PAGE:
The poems and typewriter-thoughts of Mark Petersen
A thought-provoking post. We can't be passionately interested in everything we own or do. Selective interest is essential.
I can certainly relate. A side hobby of mine is repairing Elgin pocket watches, and when I first started I quickly realized how many small variations there were, so many that I couldnt be bothered to keep track. Dealing with the watch equivalent of twdb, i found that they threw the same movements into countless case styles, and vice versa, with each specific type of watch only having a production count of a few thousand before they changed it up again. Insanity I tell you.
I relate to your post. I have a few collections that did not start that way, but over the years I have a few, and I can find very little on line or in books about them. Watches seem especially difficult. I have about a dozen pocket watches from various manufacturers. Hardly anything known about them. They look neat and function properly. Same goes for some of my fountain pens, knives and slide rules even though there is an abundance of general information available. Funny with collections; only typewriters take up a lot of room. (unless someone collects vehicles)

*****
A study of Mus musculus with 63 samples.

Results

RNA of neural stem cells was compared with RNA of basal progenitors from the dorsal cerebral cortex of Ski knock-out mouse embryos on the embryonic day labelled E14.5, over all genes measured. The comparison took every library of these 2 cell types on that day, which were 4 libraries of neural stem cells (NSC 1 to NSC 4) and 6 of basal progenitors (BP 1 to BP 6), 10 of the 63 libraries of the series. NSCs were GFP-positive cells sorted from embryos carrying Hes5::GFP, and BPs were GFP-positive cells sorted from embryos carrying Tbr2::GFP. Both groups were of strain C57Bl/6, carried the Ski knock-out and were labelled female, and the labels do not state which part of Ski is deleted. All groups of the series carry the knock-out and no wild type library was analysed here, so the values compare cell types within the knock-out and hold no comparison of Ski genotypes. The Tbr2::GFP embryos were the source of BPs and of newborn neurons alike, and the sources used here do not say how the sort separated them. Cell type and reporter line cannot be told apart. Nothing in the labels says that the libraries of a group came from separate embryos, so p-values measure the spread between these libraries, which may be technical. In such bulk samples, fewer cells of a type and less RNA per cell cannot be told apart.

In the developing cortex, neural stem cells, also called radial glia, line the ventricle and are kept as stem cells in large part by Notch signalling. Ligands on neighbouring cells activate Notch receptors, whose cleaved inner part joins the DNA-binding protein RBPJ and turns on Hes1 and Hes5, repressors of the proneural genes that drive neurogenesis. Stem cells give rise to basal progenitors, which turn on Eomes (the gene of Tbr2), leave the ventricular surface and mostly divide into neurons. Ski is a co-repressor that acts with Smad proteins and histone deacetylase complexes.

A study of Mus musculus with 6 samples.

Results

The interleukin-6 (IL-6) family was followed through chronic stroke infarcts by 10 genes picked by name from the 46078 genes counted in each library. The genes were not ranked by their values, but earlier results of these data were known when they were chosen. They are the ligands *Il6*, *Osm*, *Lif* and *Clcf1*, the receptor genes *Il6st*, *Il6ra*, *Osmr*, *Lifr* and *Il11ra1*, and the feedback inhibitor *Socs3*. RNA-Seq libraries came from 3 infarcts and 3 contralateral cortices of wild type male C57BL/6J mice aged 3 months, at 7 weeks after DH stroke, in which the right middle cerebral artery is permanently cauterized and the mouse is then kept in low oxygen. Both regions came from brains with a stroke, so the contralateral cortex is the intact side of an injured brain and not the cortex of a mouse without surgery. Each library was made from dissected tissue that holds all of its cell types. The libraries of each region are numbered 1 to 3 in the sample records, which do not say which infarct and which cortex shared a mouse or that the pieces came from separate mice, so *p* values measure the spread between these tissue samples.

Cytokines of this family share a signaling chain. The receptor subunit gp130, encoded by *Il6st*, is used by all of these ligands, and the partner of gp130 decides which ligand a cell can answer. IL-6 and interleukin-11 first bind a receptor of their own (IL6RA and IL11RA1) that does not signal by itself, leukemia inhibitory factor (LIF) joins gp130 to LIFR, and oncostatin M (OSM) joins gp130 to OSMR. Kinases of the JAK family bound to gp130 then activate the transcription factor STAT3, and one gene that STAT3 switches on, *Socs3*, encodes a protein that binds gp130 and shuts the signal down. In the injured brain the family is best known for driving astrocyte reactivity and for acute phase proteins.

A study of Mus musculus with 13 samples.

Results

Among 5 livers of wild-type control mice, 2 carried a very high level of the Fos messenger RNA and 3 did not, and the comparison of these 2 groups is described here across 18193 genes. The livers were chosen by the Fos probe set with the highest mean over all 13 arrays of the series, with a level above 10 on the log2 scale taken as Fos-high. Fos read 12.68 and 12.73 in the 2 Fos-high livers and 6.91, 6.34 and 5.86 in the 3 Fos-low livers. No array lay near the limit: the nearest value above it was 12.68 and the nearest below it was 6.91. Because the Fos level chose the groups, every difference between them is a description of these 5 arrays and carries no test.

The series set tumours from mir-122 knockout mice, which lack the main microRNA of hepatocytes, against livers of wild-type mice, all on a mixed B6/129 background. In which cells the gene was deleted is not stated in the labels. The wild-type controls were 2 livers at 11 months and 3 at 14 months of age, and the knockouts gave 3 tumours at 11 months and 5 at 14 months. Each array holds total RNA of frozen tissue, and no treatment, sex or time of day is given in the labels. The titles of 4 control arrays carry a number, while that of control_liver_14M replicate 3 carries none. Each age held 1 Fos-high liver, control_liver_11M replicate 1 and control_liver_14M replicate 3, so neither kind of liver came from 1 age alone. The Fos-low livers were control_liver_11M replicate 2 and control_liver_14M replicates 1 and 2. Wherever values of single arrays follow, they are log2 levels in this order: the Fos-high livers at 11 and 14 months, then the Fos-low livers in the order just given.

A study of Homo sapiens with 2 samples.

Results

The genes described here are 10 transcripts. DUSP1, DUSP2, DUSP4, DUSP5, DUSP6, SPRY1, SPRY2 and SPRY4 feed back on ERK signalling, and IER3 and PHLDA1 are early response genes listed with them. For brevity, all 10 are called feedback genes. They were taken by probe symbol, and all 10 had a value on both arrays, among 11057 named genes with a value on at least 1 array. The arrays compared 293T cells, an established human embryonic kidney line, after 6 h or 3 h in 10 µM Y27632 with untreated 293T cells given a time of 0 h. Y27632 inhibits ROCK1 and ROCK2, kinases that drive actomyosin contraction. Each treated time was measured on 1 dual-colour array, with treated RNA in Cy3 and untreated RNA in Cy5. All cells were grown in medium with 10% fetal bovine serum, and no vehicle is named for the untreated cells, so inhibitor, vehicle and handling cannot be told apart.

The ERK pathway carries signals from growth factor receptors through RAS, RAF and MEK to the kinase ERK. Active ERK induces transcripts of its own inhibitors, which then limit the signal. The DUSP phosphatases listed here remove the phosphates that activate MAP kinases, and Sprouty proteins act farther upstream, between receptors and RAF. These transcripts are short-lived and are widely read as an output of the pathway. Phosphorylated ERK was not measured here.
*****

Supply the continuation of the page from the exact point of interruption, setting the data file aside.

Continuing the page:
Sometimes I think I'd like to collect old computers, but I wouldn't have a clue how to get them working. I can just about bluff my way around a typewriter. :)
oh jeez, yes. you gotta specialize or you go crazy. :D
It appears many of us have multiple collections. Slide rules are also that way, only a few had serial numbers, so often dates are a challenge. I do like the old watches. I have a Timex Electric Dynabeat that I like.
My "enjoy but don't dive in too deep" is the zoo, and shows about wild animals. It's fun for me to watch those, or to go to the zoo and not have to know every last thing.